I very much appreciate it’s been done already, but I’ve spent most of my waking moments over the last few weeks trying to get through this show, so by-gum I’m going to review it in 500 words or less!

Engaging plot lines and fantastic acting aside, the pure style of Mad Men is what I enjoyed most. The clothes, the drinking, the culture (questionable though it is), it felt like I was there, in an ad agency, in the 60s. It’s strange though, as much as I can comfortably sit through episode after episode, soaking in the atmosphere and machismo flamboyance of it all, I feel myself become attached to characters that, when you break it down, I actually hate.


Jon Hamm as Don Draper and John Slattery as Roger Sterling - Mad Men _ Season 7B, Episode 11 - Photo Credit: Justina Mintz/AMC

Mad Men is often lauded as one of the greatest television shows of the past 20 years, if not of all-time. I don’t necessarily think this judgment is inaccurate, but it should come with some disclaimers. The series begins with a bang, slows down then picks up again; if we’re being honest, I tried watching it about a year ago but stopped around the third series, partly through lack of time, but partly through not being immersed enough by the story. This doesn’t mean it isn’t one of the greats, having taken the time to watch it properly I can say the mid-section, though laboured at times, is a great opportunity to just sink into the period and enjoy the story-building.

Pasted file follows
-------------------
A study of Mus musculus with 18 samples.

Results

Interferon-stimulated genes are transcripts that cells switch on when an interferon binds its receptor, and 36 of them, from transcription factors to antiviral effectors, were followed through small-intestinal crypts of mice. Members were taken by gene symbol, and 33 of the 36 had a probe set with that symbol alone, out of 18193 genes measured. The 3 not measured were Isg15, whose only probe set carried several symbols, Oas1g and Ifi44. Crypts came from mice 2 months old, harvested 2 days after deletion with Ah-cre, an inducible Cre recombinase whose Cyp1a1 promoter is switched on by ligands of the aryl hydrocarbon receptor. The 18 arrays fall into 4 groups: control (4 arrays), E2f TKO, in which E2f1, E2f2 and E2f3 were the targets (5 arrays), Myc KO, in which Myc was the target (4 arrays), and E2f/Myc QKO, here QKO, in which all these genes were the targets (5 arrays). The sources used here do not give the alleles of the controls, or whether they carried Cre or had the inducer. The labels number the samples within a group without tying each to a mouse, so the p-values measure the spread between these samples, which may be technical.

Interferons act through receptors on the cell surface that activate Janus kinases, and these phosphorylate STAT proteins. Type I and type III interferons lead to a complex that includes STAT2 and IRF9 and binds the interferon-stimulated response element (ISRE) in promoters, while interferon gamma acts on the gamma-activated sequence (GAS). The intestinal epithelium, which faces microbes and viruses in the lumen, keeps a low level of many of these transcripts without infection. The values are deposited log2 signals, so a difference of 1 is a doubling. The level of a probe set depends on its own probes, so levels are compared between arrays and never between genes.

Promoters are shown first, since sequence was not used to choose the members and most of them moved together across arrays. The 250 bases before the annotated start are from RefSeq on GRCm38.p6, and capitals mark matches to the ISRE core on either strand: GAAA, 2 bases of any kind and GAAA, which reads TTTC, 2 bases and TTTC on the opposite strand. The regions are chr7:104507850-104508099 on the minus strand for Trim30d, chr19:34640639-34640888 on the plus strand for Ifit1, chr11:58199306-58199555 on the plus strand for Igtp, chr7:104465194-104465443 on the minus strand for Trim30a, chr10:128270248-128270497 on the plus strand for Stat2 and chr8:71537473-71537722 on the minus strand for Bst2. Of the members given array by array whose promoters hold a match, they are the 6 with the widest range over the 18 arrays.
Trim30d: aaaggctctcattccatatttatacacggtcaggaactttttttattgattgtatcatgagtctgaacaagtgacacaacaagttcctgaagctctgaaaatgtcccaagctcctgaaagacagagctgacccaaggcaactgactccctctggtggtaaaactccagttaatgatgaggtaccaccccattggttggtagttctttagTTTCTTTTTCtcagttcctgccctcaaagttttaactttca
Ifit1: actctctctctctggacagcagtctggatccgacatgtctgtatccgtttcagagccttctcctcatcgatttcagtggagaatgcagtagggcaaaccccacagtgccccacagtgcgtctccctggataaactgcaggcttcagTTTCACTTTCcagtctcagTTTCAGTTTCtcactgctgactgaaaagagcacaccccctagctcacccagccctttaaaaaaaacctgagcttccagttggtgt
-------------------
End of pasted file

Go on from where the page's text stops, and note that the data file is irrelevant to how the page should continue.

The Complete Mad Men is out now, and I’d thoroughly recommend it to anyone with some time on their hands. Though it has a slower tempo than something like Breaking Bad or The Sopranos, taken as a whole it’s a masterful piece of television, and you can see why it’s won as many plaudits as it has.


Dir: Phil Abraham, Michael Uppendahl, Jennifer Getzinger, Matthew Weiner, Scott Hornbacher

Scr: Matthew Weiner

Starring: Jon Hamm, Elisabeth Moss, Vincent Kartheiser, January Jones, Christina Hendricks, Aaron Staton, Rich Sommer

DOP: Chris Manley

Country: USA

Year: 2007-2015

Number of Episodes: 92

Episode Runtime: 47mins


Mad Men: The Complete Collection is out now on DVD and Blu-ray.